As a result of its expertise and team approach, the UM Cancer Network has achieved excellent outcomes for cytoreductive surgery with hyperthermic intraperitoneal chemotherapy (HIPEC) – an advanced treatment for patients with complex gastrointestinal cancers that have spread to the lining of the abdomen.

During the two-part procedure, surgical oncologists at the University of Maryland Greenebaum Comprehensive Cancer Center (UMGCCC) remove visible cancerous tumors from patients' abdominal cavity. They then deliver high-heat chemotherapy to the area for 90 minutes.

"This chemotherapy is made to control and kill the floating cancer cells that are present but that you cannot detect with your eyes," said Cherif Boutros, MD, professor of surgery, University of Maryland School of Medicine, and Medical Director and Chair of Surgical Oncology, Tate Cancer Center at University of Maryland Baltimore Washington Medical Center.

Studies show HIPEC is more effective than surgery alone for GI cancers that have spread to the abdomen. Combined with tumor removal, HIPEC can improve survival and quality of life for patients who would otherwise have few, if any, options.

By eliminating microscopic residual disease after a primary resection, HIPEC also mitigates risk for future peritoneal metastases.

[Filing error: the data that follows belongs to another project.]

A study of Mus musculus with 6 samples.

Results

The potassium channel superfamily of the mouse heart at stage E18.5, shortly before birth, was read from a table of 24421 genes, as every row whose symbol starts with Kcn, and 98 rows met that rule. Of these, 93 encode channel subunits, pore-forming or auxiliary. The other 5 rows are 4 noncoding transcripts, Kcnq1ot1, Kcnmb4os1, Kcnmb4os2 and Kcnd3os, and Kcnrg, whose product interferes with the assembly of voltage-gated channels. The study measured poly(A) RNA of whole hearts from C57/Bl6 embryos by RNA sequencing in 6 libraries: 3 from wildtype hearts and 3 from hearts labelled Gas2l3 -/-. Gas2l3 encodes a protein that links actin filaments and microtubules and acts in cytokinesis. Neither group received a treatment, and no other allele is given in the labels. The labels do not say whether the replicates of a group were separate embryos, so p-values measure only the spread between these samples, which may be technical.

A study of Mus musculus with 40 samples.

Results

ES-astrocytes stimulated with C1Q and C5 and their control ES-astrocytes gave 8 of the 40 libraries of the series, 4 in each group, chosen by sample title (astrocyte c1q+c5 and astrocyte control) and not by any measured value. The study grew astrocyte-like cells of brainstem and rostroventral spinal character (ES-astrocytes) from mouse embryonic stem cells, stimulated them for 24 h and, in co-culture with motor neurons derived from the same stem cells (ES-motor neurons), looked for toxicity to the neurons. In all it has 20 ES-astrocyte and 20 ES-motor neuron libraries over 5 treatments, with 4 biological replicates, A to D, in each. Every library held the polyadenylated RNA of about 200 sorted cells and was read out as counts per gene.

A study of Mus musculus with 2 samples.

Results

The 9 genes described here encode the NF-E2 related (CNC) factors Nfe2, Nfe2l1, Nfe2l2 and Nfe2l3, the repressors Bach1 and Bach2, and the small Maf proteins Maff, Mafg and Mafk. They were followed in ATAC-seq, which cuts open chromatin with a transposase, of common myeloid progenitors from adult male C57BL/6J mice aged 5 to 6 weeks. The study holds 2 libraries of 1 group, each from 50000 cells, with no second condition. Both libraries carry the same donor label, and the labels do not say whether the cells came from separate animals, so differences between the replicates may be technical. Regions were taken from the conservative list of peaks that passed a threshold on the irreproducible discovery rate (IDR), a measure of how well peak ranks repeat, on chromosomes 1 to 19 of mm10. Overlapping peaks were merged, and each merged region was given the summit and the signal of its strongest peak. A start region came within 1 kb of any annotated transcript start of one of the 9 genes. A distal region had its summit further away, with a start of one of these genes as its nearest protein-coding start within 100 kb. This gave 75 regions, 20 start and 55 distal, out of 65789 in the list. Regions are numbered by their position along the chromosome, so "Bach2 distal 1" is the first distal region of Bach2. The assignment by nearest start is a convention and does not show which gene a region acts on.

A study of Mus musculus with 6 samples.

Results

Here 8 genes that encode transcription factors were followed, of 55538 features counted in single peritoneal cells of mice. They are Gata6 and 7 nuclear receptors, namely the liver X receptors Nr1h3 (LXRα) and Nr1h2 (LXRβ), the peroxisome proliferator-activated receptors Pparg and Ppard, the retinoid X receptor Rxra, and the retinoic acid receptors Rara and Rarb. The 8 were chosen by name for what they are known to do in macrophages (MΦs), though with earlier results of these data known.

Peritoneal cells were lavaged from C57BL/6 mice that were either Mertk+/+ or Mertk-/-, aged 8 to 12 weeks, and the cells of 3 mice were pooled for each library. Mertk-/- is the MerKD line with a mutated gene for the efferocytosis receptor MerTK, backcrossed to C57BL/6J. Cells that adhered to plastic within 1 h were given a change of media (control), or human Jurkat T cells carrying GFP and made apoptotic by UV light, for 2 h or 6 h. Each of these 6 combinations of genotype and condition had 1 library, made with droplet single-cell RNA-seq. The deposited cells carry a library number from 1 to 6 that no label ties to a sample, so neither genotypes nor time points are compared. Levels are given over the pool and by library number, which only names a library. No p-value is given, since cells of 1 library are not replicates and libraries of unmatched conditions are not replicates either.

UMGCCC has offered HIPEC since 2004. Outcomes1 include:

  • 90-day mortality – 0 percent
  • Readmission rate – 3 percent
  • Mean length of stay – 7.45 days
  • Extubation – 3 percent in ICU, 9 percent in PACU, 88 percent in OR
  • Discharge disposition – 91 percent to home, 9 percent to rehab

Team members performing HIPEC at UMGCCC include Boutros as well as multiple other faculty physicians from the University of Maryland School of Medicine: Nader N. Hanna, MD, professor of surgery; Gautam G. Rao, MD, associate professor of obstetrics, gynecology and reproductive sciences; Dana Marie Roque, MD, associate professor of obstetrics, gynecology and reproductive sciences; Julia H. Terhune, MD, assistant professor of surgery; and Richelle T. Williams, MD, assistant professor of surgery.

While the treatment itself occurs at UMGCCC, the road leading to it begins at cancer centers throughout the UM Cancer Network. Specialists from each center collaborate to identify patients who can benefit from the procedure. UM Cancer Network specialists also help patients with pre-treatment services like dietary support and post-treatment follow ups.

Along with performing HIPEC, UMGCCC doctors are studying how immunotherapy can benefit patients with cancer of the peritoneal membrane.

Learn more about HIPEC.

1 Outcomes based on patients receiving HIPEC at UMGCCC during calendar years 2017 and 2018.